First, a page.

White cake is a great recipe to have in your toolbox, and this is the perfect one for high-altitude! This recipe is simple, and gives you a fluffy, soft, flavorful cake that is perfect for layers. You can also mix this one by hand if you prefer!
This recipe, and most white cake recipes, use only egg whites, not yolks, and oil instead of butter. This recipe uses buttermilk as well, resulting in a moist and soft cake. Let’s get to it!
How to Make High-Altitude White Cake
We’re keeping things simple with this recipe. Start by stirring together your dry ingredients- flour, cornstarch, baking powder, and salt.
From here, we’re going to whisk together the oil, sugar, egg whites, vanilla extract, and almond extract until you have a smooth mixture. Then mix in the flour mixture and the buttermilk mixture in alternating additions until everything is well combined and smooth.
Then it’s off to the oven to bake the cakes. You want to bake them until a toothpick inserted into the center comes out with just a couple of crumbs. Cool the cakes completely before frosting them with your icing of choice.
I’m using a simple vanilla ermine buttercream here, but any kind you like would be a great addition. The cake will be fluffy and soft, and the perfect simple white cake.
Tips & Tricks for High-Altitude White Cake
This is the perfect, simple high-altitude cake recipe. Here are all my tips and tricks to help make sure you have the perfect white cake:
- Do I need to use the cornstarch? Yes- this helps create a make-shift cake flour mixture, but one that still has the structure of all-purpose flour. You’ll end up with a cake that doesn’t sink while it bakes, but it will be soft and fluffy in texture.
- Why does this cake only use egg whites? White cake traditionally only uses egg whites. This results in a very white in color cake, and a soft texture.
- Why does this cake use oil instead of butter? Again, this is a common method for white cake. The oil keeps the cake very moist as it bakes, and the results are silky and fluffy.
- What if I get a little egg yolk in the whites on accident? In this instance, it’s ok if you end up with a tiny bit of yolk in your white. Still, it’s meant to use only the whites, so separate your eggs carefully.
- Do not over-bake the cake. You want a toothpick inserted into the center to hold a few crumbs when it comes out, or you can insert an instant read thermometer into the center. It should read around 205 degrees.
- Be sure to cool the flour mixture in the frosting completely before you continue with this frosting recipe, or it won’t work.
- I’m at about 5,000 ft. above sea level, and I find that most people who live between about 3,000-7,000 ft above sea level do not need to make any adjustments to my recipes.
High-Altitude White Cake
For the cake:
- 2 cups + 2 tbs. all purpose flour
- 4 tbs. cornstarch
- 2 tsp. baking powder
- 1 tsp. salt
- 1 cup buttermilk
- 1/2 cup sour cream
- 1/2 cup canola oil
- 1 3/4 cups sugar
- 6 egg whites
- 2 tsp. vanilla extract
- 1 tsp. almond extract
For the Ermine Frosting:
- 6 tbs. flour
- 1 1/4 cups milk
- 1 tsp. vanilla extract
- 1/2 tsp. almond extract
- 1 1/2 cups room temp. butter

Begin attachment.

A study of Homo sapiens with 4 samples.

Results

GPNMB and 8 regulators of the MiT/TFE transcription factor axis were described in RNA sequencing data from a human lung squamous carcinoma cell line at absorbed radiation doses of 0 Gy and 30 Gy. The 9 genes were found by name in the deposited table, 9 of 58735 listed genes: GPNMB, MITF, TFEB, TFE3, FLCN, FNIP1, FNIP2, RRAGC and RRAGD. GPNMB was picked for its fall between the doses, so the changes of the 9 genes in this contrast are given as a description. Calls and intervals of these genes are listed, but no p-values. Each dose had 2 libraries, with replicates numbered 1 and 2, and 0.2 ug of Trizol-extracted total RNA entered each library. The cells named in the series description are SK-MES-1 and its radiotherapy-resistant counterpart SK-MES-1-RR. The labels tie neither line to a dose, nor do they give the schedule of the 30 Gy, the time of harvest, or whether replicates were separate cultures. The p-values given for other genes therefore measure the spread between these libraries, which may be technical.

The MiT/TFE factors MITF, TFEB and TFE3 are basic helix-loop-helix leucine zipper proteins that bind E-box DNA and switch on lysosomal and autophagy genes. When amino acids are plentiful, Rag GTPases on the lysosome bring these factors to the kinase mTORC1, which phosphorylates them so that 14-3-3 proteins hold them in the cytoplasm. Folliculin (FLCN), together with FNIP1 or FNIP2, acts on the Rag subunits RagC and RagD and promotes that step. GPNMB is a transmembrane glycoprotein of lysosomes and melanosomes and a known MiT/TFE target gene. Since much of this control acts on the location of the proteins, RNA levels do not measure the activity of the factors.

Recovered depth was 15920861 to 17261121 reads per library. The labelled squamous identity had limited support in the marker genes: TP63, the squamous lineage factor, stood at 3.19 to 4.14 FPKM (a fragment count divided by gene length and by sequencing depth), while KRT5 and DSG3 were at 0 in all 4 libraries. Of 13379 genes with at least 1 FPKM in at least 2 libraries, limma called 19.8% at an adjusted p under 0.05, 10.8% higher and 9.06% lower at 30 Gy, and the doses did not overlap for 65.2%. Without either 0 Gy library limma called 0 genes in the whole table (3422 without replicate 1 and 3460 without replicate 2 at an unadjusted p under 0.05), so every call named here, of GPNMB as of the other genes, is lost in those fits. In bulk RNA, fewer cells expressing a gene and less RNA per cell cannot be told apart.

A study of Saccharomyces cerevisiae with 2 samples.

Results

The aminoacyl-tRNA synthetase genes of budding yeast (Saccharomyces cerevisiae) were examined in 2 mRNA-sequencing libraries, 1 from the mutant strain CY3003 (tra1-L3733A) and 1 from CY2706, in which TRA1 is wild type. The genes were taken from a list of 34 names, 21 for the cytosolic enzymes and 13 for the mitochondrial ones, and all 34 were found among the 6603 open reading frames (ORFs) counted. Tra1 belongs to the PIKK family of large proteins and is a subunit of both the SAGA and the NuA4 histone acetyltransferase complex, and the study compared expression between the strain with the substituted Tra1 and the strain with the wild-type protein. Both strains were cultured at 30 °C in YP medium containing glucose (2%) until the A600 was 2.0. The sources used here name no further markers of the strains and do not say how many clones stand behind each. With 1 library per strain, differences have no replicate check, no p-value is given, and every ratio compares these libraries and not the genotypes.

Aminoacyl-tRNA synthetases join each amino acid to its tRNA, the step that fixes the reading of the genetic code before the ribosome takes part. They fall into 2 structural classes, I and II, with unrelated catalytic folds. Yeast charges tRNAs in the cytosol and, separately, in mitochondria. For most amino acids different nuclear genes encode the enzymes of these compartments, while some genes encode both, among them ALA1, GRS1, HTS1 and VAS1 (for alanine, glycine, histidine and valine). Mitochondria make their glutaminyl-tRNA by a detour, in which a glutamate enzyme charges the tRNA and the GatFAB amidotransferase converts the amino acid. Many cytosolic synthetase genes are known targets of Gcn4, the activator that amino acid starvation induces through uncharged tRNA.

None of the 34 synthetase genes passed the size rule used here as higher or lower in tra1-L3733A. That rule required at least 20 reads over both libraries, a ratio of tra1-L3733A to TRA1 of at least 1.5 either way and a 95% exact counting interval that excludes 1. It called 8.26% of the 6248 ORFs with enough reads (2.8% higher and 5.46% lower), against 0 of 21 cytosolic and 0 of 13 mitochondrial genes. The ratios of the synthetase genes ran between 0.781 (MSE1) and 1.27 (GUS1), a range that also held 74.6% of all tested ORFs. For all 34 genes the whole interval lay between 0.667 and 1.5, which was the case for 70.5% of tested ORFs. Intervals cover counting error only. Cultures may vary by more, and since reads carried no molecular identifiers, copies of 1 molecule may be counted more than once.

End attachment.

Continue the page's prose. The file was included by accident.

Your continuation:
- 1 1/2 cups sugar
- 1/8 tsp. salt
For the cake:
Preheat your oven to 325 degrees, and grease two 8 inch round pans. In a medium bowl, whisk together the cake flour, baking powder, and salt, and set this mixture aside. In a small bowl, stir together the buttermilk and the sour cream until combined- this mixture will be lumpy.
In a large bowl, whisk together the canola oil and sugar until you have a crumbly, combined mixture. Add in the egg whites, vanilla extract, and almond extract, and stir until you have a smooth mixture.
Add in the flour mixture and the buttermilk mixture in alternating additions, beginning and ending with the flour mixture, and mix until smooth. Smooth the batter out into your prepared cake pans, and bake for 30 minutes, or until a cake tester comes out clean. Cool the cakes completely before frosting.
For the frosting:
In a small saucepan, stir together the flour, milk, and vanilla extract. Heat over medium heat, stirring frequently with a whisk, until it is thickened. It will be a very thick paste. Cool this mixture completely before continuing.
In a large bowl, beat together the butter, sugar, and salt for about 8-10 minutes. The mixture will become pale and fluffy. Beat in the cooled flour mixture, and beat for several minutes until you have a fluffy, smooth frosting.
Frost and layer cake as desired, and slice and serve! You deserve it!
Hello and welcome! My name is Nicole, and Dough-eyed is a food blog for people who want to bake for their family and friends in high-altitude areas. Think of me as a friendly voice there with you in the kitchen, here to give you confidence when you’re baking, and to help you with the struggles of baking at high-altitude. Come back every week for new recipes, tips, and advice on high-altitude baking!
Why not cake flour?
I try to avoid cake flour most of the time just because it's more expensive and more difficult to come by. If you can reach a fluffy, soft, cake texture without cake flour, then I say go for it. This cake is a great example of that. Also, at high-altitude it can be a little tougher to work with cake flour (though not impossible by any means) so using AP flour offers some helpful additional structure!
Sandra Kenefick says
Hi…….can I use a Bundt pan for this white cake recipe?
Sandra Kenefick says
Hi……I live at 7200 feet in. Monument, Colorado.
What, if any adjustments would I have to make for this cake recipe? Also can I use a Bundt pan?
Hi there- it should work well to use a bundt pan for this. The volume of batter will translate well. The bake time will likely be longer, so you'll want to just keep an eye on it!